By Sharon Begley
NEW YORK (Reuters) – Caught flat-footed by the challenges of building the financial-management and accounting parts of the U.S. government’s new online marketplace for health insurance, officials rushed to hire a familiar contractor without seeking competing bids, according to government procurement documents reviewed by Reuters.
The documents dated in August – less than two months before the opening of online marketplaces established by President Barack Obama’s landmark healthcare law – showed the agency in charge had only “recently learned” that building the financial management functions was “beyond (its) currently available resources.”
The Centers for Medicare & Medicaid Services (CMS) documents shed more light on the problems facing the agency as it worked on the marketplaces established by the law commonly called Obamacare and on its revelation this week that at least 30 percent of the marketplace is still being built.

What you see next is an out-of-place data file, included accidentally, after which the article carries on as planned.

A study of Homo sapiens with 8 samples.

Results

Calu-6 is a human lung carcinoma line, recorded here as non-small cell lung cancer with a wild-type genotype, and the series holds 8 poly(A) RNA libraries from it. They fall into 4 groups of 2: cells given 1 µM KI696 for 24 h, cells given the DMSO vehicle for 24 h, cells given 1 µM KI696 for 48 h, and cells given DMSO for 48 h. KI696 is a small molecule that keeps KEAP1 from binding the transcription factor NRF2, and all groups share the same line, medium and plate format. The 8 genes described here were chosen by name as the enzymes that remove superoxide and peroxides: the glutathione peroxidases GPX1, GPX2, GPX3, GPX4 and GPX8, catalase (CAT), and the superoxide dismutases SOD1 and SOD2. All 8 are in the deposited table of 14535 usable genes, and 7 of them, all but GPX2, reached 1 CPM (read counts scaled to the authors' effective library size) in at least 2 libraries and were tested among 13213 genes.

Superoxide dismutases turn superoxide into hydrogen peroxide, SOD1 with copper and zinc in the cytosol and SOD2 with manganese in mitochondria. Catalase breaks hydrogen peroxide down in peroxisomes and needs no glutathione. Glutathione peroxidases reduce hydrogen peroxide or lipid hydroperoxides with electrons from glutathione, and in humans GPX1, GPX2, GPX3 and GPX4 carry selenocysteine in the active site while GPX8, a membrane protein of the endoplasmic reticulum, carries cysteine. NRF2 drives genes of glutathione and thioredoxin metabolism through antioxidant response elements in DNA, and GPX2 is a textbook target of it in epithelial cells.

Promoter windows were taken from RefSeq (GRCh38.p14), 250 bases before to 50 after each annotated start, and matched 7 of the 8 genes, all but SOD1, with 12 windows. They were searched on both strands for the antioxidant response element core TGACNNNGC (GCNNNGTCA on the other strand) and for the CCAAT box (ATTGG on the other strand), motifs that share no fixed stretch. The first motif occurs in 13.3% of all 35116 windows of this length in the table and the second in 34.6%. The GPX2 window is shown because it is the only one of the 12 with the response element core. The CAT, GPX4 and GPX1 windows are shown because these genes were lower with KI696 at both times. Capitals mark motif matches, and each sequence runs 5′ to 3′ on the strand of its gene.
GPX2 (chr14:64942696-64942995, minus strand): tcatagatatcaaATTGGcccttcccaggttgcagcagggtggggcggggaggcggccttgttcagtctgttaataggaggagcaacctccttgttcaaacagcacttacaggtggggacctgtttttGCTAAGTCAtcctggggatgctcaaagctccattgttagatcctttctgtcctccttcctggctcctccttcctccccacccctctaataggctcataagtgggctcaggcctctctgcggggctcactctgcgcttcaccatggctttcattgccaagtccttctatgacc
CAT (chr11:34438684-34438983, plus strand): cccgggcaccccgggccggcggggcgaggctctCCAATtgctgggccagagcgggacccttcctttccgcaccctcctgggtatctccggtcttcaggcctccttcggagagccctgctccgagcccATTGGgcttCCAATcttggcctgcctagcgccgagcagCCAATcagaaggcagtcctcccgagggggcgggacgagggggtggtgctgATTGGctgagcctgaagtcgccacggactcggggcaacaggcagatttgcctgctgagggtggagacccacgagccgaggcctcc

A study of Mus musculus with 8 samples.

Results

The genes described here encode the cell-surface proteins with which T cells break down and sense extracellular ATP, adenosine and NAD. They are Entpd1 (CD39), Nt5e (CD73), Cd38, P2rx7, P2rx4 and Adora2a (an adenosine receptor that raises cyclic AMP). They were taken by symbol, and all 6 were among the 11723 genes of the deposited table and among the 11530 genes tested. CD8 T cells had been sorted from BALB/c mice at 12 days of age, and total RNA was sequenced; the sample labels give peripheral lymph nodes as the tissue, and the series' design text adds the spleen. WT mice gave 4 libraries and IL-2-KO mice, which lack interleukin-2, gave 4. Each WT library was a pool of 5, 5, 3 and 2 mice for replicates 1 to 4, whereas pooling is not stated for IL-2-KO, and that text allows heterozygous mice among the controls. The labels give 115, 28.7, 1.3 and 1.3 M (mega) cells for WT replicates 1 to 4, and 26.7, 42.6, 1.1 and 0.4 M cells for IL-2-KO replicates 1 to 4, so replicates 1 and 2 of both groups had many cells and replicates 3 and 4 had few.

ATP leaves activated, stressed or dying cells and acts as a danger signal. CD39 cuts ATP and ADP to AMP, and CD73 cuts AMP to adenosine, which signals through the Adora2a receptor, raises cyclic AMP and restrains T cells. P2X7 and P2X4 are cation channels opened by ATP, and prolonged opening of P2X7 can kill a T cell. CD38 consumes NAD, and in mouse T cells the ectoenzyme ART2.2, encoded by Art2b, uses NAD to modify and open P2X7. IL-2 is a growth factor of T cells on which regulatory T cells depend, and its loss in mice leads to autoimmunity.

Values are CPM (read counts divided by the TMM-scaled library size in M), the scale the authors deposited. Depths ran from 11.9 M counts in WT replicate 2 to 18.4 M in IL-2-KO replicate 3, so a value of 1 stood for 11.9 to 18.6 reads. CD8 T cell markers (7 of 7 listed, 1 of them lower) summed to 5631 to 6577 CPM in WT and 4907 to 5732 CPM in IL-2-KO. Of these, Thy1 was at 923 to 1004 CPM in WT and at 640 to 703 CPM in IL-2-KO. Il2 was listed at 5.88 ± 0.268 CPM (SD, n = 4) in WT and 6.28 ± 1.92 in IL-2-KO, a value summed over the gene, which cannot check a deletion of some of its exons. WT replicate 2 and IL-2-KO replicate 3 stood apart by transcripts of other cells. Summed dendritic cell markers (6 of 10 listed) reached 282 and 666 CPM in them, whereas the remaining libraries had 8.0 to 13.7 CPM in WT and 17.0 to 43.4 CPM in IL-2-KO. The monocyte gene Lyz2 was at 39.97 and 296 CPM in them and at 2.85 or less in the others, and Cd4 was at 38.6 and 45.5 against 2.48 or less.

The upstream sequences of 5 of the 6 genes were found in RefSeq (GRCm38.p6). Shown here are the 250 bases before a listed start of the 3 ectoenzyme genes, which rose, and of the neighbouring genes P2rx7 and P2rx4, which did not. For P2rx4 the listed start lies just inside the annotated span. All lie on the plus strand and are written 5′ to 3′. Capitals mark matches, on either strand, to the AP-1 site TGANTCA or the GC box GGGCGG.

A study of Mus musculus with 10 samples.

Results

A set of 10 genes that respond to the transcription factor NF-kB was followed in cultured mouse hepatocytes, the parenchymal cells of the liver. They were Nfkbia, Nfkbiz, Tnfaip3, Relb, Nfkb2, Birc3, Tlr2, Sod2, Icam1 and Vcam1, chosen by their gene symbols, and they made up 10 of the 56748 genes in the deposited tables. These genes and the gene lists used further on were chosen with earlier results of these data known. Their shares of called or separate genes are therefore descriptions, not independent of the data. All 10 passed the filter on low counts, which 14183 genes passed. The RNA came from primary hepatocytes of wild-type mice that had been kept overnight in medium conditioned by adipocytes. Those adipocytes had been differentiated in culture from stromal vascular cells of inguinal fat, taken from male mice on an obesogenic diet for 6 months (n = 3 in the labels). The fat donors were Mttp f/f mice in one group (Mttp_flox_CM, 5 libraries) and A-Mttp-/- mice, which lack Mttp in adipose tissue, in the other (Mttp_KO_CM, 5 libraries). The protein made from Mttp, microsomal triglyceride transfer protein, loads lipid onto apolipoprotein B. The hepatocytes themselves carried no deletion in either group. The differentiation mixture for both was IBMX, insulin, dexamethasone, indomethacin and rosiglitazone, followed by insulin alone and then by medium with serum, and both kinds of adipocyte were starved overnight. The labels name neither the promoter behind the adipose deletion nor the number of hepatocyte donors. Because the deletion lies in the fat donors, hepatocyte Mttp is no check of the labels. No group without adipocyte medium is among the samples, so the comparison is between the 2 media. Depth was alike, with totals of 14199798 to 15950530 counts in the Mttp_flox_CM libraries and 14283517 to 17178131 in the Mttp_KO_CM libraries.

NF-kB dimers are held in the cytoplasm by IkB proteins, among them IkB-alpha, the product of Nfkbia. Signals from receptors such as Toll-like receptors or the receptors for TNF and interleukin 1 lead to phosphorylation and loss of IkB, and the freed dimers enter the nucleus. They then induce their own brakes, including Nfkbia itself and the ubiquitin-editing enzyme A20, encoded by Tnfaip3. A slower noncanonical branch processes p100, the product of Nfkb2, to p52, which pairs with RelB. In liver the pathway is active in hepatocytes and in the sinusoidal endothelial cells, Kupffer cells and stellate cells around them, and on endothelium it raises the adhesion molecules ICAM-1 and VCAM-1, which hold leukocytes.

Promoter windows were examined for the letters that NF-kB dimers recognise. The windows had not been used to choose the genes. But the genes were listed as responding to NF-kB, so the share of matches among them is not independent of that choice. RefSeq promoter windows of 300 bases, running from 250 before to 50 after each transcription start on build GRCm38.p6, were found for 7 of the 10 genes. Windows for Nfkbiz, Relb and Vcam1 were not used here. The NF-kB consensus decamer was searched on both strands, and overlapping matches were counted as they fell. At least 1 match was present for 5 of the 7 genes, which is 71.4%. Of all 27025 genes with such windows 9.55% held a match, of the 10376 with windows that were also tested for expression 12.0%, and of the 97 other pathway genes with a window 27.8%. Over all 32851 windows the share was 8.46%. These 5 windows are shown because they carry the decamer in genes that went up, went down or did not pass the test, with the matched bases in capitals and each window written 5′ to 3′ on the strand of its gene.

Those problems and others have been revealed by congressional oversight investigators who released emails and outside reports that paint an administration scrambling to meet the technological challenges of the marketplace – and usually failing to do so.
CMS spokeswoman Joanne Peters said on Friday and on Saturday that representatives of the agency were unavailable to comment on the contract or on an estimate of when the financial management part of the marketplace is expected to be finished.
Although the consumer-facing part of the marketplace, the HealthCare.gov website, opened for enrollments on October 1, CMS had a goal of January 1, 2014 for the financial components of the system to be operational.